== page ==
Korea: November 29, 1999


The US is involved in difficult and tense negotiations with South Korea over the direction of its program to develop ballistic missiles with ranges up to 300km. South Korea is demanding the right to test-fire such missiles (thereby demonstrating that it has them), but the US wants to stop this because it would complicate efforts to convince North Korea to accept a negotiated limit on its missile production. North Korea has already denounced the South Korean missile program as a provocation, despite the fact that North Korea already has missiles with a much longer range.--Stephen V Cole

November 25; A panel of Republican congressmen has issued a report denouncing the Clinton Administration's policy toward North Korea as ineffective in stopping it from producing nuclear weapons, missiles, and other weapons of mass destruction. The Clinton Administration has responded that the report takes government intelligence reports and removes all of the caveats and issues of doubt, making the data appear more convincing and confirmed that it actually is.--Stephen V Cole

November 24; Increasing concern over North Korean chemical/biological warfare capabilities has caused the US to send additional chemical/biological warfare troops to Korea. Earlier this year, South Korea released an intelligence report estimating that North Korea had 2,500-5,000 tons of chemical weapons, rather than the earlier estimate of 1,000 tons.

November 22; South Korea (having emerged from its economic crisis) is looking for a national air defense system again. The US has renewed and extended its previous offer to provide 14 Patriot-3 batteries for $4.2 billion. Patriot is competing with the Eurosam Land system and the Russian S300V. The US has warned South Korea that the S300V would not be able to datalink and interoperate with US forces deployed on the peninsula. --Stephen V Cole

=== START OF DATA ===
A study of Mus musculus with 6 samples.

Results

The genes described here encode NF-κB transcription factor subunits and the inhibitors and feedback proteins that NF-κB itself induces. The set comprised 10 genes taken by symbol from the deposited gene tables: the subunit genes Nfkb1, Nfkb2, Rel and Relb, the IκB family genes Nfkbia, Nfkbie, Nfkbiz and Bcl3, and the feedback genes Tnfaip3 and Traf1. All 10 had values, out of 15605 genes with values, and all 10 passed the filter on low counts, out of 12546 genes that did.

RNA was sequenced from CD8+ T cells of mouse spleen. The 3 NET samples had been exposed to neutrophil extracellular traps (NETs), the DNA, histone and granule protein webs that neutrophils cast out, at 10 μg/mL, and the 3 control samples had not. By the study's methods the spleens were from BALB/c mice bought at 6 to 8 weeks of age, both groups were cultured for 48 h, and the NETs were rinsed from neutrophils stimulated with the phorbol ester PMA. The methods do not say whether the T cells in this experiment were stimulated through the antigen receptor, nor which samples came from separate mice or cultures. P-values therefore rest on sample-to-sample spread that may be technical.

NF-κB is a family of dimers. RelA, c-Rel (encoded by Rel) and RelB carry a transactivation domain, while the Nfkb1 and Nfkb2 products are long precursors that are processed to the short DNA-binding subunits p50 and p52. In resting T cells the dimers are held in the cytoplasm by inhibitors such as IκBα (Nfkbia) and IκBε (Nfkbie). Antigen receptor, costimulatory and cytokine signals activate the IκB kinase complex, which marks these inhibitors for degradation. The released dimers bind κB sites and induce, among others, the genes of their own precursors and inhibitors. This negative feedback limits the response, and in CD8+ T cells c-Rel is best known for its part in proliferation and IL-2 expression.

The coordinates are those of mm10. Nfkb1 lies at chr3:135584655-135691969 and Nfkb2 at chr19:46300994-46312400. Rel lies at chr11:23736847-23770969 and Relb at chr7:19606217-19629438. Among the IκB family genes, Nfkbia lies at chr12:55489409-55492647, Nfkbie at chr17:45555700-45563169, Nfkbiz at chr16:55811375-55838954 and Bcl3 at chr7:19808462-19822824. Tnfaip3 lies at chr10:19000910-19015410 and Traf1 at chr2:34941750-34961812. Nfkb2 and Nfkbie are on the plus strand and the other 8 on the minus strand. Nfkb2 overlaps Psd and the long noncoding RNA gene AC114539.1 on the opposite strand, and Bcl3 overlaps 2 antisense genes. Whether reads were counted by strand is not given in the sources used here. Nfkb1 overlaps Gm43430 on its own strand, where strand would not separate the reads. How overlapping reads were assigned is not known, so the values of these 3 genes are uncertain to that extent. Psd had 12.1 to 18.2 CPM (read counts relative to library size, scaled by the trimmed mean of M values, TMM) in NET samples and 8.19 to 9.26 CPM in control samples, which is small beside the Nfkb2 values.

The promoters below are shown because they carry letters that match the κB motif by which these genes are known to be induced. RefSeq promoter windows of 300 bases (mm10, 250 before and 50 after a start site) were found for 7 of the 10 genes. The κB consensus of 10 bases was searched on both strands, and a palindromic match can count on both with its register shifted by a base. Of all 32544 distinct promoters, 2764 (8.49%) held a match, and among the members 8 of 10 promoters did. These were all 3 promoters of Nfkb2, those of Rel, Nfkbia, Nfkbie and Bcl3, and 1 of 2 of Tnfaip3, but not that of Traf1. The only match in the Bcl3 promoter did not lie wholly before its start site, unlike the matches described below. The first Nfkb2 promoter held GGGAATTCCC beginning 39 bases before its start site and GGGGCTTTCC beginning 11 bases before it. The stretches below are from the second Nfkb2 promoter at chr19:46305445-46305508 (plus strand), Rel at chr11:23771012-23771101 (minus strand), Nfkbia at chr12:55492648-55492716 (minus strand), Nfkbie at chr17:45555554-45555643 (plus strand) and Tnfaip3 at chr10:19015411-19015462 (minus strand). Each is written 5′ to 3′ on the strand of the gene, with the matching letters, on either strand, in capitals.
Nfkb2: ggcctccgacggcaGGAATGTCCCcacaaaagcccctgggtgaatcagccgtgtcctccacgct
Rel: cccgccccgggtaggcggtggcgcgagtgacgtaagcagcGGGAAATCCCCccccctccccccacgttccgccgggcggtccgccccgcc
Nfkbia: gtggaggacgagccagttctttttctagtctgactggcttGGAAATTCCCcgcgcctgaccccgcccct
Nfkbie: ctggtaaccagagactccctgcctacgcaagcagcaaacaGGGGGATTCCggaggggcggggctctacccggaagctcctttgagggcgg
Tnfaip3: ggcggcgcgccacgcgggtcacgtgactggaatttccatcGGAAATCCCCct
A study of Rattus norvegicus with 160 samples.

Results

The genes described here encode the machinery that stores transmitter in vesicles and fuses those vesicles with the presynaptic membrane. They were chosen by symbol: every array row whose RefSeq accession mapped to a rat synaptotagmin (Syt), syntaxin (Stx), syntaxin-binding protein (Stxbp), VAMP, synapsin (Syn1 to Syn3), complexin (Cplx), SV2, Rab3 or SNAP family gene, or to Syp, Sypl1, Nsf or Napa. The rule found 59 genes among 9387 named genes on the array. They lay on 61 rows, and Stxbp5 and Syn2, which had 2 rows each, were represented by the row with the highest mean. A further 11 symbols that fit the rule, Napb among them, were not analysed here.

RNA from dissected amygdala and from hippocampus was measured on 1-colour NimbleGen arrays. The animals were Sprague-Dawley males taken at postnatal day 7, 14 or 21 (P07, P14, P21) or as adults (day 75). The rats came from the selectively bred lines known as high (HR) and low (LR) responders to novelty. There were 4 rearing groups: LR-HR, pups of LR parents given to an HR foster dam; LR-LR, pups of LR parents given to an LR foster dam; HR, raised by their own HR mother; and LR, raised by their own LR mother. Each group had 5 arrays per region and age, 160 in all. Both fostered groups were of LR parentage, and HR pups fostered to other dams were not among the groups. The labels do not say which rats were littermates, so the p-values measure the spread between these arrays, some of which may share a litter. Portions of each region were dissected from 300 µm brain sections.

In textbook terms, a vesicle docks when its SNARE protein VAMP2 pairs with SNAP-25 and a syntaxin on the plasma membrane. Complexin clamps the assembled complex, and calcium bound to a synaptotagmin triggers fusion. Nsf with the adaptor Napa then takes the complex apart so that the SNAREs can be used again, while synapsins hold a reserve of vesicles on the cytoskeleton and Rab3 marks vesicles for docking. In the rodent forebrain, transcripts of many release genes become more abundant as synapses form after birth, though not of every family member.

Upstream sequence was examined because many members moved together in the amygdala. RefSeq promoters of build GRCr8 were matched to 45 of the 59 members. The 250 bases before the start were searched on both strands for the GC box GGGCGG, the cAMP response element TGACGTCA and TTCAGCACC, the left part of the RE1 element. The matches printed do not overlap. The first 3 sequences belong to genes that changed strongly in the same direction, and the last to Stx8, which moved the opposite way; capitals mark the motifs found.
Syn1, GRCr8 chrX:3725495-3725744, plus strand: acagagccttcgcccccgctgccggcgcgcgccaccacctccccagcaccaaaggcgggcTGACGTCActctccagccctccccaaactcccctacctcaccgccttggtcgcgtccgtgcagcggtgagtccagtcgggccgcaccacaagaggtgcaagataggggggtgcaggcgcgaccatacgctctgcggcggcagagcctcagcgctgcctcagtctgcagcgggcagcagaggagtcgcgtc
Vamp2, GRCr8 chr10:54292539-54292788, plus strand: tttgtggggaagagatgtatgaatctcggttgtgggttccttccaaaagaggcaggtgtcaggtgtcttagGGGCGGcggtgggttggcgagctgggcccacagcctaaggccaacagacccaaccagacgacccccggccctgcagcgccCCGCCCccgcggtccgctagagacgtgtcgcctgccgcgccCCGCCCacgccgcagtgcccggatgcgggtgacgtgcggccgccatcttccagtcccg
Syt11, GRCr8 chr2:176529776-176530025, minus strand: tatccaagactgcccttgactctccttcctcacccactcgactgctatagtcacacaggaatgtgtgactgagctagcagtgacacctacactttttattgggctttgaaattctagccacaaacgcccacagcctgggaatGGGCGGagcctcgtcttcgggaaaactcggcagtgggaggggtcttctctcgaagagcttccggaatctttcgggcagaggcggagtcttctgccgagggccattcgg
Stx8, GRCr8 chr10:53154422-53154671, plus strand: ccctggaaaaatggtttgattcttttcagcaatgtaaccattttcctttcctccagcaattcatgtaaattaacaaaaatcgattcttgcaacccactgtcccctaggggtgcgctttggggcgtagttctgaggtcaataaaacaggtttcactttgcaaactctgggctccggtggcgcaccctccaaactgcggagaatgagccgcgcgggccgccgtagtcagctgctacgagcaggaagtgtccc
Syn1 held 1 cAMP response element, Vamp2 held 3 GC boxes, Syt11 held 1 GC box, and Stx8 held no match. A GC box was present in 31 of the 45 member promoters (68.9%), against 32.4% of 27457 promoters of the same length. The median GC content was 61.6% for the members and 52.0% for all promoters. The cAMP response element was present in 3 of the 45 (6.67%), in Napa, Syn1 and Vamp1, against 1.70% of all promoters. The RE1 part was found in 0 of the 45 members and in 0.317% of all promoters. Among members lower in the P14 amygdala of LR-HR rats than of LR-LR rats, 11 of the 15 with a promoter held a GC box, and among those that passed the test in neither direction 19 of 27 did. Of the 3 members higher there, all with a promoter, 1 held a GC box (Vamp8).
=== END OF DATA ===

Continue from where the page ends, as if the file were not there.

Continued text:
November 20; South Korean intelligence services report that North Korea has built a secret underground plutonium production facility on an island in the Taeryong-gang Reservoir. The island is about 1.2km long; it is located at 39 59', 48" North, and 125 34' 35" East. Satellite photos show a pier and a helipad, but no major surface facilities. There is a tunnel entrance at the end of a short road starting at the pier. There appears to be an extensive ventilation system. Satellite photos also show a plume of pollution pouring into the reservoir. All of the satellite data confirms that there is an underground facility, but cannot prove that it is a plutonium production facility. --Stephen V Cole

November 19; In 1979, the US convinced South Korea to back off from developing long range missiles, restricting their efforts to rockets with a max range of a hundred kilometers or so. But as the North Korean military threat kept growing, as has the South Korean desire to build missiles that can reach 500 kilometers (all of North Korea.) The US is apparently going to drop opposition to this.